The specter of Facebook is still knocking around Nasdaq’s headquarters it seems. Last week, another tech IPO tanked on its opening day, recalling the social network’s flubbed May 18 offering.
Cloud-based software maker E2open’s
share price dropped 9% after it opened on Thursday. The company had priced its offering of nearly 4.7 million shares at $15 a piece, but share prices opened at $14.11 before falling to $13.60 at the close of day. Speaking to CNBC, Mark Woodward, the company’s CEO said, “I think our investors are looking at where we are going to be in the future, not necessarily where we are trading today.”
E2open’s products allow companies to analyze and manage their supply chains. Its clients include Boeing
, Cisco Systems
and General Electric
. Cloud-based software companies such as Splunk
and Guideware Software
have all seen their share prices increase more than 50% since going public.
In other words, the dip was a surprise. “It was my opinion that based upon the so-called over-subscription and previous performance of the other cloud-based companies, it would work,” says Scott Sweet, senior managing partner at IPO boutique, a firm that rates and provides advisory services on IPOs. “But it had nowhere near the same exponential revenue growth as those companies.”
While E2open has had consistent revenue growth — up 25.1% and 7.5% in the previous two years respectively — it was well below that of the cloud-based companies it was being compared to. What’s more, on its SEC filing, the company stated, “Throughout most of our history, we have experienced net losses and negative cash flows from operations.” Honest, but not exactly thrilling news to potential investors.
Much like Facebook, Sweet says E2open suffered from skittish investors who flipped the shares the moment the price broke, putting further pressure on the stock. “It was a very poorly done IPO,” says Sweet. “It was mispriced from the start and the underwriters, Bank of America/Merrill Lynch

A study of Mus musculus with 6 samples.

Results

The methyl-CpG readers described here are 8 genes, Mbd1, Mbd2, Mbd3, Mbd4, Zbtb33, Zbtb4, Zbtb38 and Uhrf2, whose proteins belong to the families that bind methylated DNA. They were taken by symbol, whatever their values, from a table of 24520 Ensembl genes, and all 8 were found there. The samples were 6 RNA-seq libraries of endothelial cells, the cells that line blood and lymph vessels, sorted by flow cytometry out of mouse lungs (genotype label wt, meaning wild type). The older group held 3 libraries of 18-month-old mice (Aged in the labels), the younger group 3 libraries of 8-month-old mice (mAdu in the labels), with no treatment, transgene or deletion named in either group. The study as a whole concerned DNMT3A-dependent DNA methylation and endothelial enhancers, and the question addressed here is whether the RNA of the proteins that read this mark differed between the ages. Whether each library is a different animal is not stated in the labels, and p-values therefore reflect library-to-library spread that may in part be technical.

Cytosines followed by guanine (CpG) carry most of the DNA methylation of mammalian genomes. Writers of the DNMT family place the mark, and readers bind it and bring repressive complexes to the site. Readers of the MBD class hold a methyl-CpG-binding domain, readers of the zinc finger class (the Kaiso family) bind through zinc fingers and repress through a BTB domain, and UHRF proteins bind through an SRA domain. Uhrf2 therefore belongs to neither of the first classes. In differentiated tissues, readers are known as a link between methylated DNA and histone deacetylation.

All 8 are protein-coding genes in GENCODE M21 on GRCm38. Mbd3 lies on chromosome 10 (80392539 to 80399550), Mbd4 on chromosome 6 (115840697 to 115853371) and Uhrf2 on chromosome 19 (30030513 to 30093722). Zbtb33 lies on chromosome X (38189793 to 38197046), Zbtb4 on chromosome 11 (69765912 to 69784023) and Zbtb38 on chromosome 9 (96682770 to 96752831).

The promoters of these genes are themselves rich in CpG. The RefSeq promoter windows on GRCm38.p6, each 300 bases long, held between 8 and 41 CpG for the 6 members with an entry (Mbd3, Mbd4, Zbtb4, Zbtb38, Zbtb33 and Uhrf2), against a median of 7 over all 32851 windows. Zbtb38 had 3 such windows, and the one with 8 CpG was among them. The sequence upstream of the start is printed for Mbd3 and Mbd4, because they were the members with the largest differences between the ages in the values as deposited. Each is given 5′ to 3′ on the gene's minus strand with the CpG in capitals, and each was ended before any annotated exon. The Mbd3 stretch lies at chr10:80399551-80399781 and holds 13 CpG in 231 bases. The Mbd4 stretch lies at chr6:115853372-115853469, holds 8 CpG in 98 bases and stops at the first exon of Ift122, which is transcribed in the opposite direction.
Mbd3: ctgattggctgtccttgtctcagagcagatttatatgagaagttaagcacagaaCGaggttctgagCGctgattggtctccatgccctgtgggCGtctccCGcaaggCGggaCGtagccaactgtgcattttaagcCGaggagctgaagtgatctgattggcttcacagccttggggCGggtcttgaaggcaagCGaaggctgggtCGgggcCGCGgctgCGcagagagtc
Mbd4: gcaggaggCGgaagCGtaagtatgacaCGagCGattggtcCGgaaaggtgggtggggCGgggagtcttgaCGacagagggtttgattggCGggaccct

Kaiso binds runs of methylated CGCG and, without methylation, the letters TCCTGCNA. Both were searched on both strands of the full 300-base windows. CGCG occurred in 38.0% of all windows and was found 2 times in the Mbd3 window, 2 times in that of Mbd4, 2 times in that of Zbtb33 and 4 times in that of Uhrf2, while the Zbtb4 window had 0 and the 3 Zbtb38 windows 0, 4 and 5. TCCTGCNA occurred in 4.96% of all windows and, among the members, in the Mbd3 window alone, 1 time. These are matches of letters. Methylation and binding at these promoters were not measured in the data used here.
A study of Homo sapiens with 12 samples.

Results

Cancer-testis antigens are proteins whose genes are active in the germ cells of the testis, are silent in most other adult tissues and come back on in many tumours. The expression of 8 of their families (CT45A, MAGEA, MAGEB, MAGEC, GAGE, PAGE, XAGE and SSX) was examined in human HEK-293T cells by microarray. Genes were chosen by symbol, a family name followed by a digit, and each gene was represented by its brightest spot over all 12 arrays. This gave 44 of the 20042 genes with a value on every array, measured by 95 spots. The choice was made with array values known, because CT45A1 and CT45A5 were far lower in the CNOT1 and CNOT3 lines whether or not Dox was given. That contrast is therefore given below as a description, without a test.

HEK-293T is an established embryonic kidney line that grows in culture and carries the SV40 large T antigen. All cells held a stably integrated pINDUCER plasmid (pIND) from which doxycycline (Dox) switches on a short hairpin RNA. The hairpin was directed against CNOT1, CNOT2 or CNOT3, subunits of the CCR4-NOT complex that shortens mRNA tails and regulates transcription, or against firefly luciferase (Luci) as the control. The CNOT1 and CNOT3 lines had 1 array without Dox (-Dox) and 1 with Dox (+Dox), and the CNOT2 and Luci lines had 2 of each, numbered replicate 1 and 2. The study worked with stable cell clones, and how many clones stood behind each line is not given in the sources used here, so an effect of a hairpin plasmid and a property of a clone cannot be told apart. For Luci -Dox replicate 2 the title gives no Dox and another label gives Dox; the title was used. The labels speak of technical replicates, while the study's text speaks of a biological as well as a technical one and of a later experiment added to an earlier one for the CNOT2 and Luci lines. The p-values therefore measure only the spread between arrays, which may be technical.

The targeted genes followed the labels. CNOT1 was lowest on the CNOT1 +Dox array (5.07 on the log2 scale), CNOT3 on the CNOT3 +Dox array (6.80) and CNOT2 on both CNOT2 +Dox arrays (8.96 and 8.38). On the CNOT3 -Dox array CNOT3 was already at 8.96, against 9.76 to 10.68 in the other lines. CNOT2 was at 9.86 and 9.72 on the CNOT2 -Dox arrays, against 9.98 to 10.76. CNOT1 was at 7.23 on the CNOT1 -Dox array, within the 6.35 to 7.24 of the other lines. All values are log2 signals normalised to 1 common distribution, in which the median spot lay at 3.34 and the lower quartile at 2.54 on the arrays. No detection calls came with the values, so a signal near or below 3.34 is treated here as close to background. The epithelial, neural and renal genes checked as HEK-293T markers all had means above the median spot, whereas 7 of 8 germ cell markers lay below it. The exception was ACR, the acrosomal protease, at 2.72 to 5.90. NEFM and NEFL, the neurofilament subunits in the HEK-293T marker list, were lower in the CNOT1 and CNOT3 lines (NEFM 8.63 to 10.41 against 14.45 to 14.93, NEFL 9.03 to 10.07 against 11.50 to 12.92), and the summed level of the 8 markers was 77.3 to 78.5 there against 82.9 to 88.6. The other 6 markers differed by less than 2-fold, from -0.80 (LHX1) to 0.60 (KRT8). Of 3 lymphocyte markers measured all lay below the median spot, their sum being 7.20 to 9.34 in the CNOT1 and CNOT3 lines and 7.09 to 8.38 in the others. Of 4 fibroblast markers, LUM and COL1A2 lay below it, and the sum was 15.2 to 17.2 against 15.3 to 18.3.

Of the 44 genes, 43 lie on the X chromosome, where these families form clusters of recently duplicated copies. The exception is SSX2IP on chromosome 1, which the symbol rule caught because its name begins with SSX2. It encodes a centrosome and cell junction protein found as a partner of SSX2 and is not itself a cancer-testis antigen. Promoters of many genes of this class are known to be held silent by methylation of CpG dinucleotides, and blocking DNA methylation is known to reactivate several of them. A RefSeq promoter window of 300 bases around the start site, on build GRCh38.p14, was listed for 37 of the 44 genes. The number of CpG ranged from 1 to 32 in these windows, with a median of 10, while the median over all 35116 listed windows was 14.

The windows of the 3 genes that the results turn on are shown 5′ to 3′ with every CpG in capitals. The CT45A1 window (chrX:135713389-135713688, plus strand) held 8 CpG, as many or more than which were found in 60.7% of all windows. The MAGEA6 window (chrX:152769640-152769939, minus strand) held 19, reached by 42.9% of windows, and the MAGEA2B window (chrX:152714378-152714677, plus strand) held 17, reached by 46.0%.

, didn’t support it once the prices fell.”
Sweet says there were also concerns about the one of E2open’s biggest clients, Research In Motion
and its much-reported financial woes. Woodward says RIM’s performance wouldn’t have as much of an effect since they were growing their customer base. “Last two years we’ve added 30 new customers, it’s been significant acceleration,” says Woodward. “Two years ago they were 20% of our total revenue, they’ll be 10% this year and next year they’ll be 3% of our revenue.”
All eyes are now on Eloqua and Legalzoom, tech companies that are set to go public this week. Like E2open, Eloqua is a software company for businesses while Legalzoom is an online provider of legal documents. Sweet says Eloqua “overall looks to be a better deal financially and is better priced,” but there may still be a “hangover effect” from E2open’s performance. “The question investors will always ask of the IPO market is ‘what have you done for me lately?’” says Sweet. “It was a stumble that investors were just not used to seeing in an area that was largely immune from the market.”